After going through the trouble of finding a name for your business, you better make sure that you own that name. We have already discussed how influential your name can be in shaping the path of your company, but now we dive deeper into how you go about making that name entirely yours. The best way to own your name is to file a trademark – a name or sign that may be used exclusively in relation to the sale of your propriety goods or services. We thought filing for a trademark would be simple, but the whole thing surprisingly threw us for a loop. Use our trademark checklist to make the entire process of owning your name and logo a whole lot simpler!
Read up on what you need to know for trademarking your business: http://www.uspto.gov/sites/default/files/trademarks/basics/BasicFacts.pdf
Try to determine which class of good or services your business will fall into: http://www.tmweb.com/trademark_classes.asp
Search trademarkia.com to see if your trademark is available. Keep an eye out for names to yours in any trademark class you may operate in one day.
Search godaddy.com to see if your domain is available at a reasonable price. You can be creative with the domain name. For example, if you are launching an e-commerce company called “California Clothes,” you can potentially reserve “shopcalifornia.com,” “wearecaliforniaclothes.com,” etc.
Search social media channels to see if suitable handles are available.
If the path is clear on trademarkia.com, godaddy.com, and social media, then it is time to run a thorough a US Comprehensive Trademark Search. Applying for a trademark, and getting rejected, could end up costing more in the long-run. A company like Corsearch will run this search for you for about $750.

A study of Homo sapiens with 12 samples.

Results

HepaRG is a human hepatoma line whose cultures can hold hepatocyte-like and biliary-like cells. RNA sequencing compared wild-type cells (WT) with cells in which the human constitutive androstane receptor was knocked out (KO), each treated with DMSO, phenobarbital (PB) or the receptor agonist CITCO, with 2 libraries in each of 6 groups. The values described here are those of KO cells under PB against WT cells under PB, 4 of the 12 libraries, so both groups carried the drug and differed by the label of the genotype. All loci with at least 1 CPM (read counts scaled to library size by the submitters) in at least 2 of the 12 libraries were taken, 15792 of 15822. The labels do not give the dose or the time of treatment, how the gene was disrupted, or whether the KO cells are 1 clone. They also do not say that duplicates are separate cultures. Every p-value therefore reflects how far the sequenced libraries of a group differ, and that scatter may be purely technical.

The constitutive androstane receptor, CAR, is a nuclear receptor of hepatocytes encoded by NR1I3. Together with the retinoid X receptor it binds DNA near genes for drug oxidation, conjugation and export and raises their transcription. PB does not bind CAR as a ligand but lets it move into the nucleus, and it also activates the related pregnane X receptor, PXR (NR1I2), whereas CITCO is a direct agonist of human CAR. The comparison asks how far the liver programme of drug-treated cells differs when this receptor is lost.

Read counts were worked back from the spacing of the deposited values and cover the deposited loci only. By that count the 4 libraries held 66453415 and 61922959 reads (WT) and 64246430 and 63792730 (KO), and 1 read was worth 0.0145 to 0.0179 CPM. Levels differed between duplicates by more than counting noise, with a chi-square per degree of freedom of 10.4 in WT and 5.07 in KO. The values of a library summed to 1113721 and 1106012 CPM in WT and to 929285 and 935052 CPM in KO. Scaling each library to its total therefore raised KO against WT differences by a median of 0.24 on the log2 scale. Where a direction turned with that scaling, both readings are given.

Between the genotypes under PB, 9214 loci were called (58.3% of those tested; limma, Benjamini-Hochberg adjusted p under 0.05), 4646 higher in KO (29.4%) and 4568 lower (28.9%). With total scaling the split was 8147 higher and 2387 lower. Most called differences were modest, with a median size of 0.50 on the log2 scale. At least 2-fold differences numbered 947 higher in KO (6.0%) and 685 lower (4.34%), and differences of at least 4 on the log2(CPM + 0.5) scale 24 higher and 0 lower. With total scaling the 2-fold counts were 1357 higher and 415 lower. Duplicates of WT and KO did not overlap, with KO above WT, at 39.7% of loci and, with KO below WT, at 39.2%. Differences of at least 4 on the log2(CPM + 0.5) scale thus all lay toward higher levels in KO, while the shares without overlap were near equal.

If the US Comprehensive Trademark Search comes back clear, it is time to start the process of registering your name and logo.
Look up a few companies that do what you do on the USPTO.gov website – see which class they are in, and how they word their product and service offerings.
It is now time to prepare your trademark application. You may want to work with a lawyer on this step, since they will advise you which words to include, how to describe your offerings, and how to best prepare an application that will likely get approved by the US Patent & Trademark Office Examiner (the person who accepts or rejects your application). Email us at firstname.lastname@example.org for a referral. At this point, the trademark application is considered “intent to use,” if you have not yet conducted business under your name and service mark.
Once your trademark application is complete, you can file it online.
There may be some ongoing requests, by the examiner, for you to better define the goods and services you will be offering. The examiner may also request you add more classes of goods and services to your trademark. For each additional class of goods and services that the examiner requires you to register in, there is an additional $325 registration fee. You can always add additional classes of goods and services at a later date. Once the trademark is filed, you can use the TM symbol next to your trademarked name to indicate the trademark process has begun.
As soon as you begin conducting business under your official name, you need to contact the USPTO and notify them that the trademark is “in use,” and no longer “intent to use.”
When the examiner finally approves your trademark, which can be a long and drawn-out process, you can officially use the (R) symbol next to your name.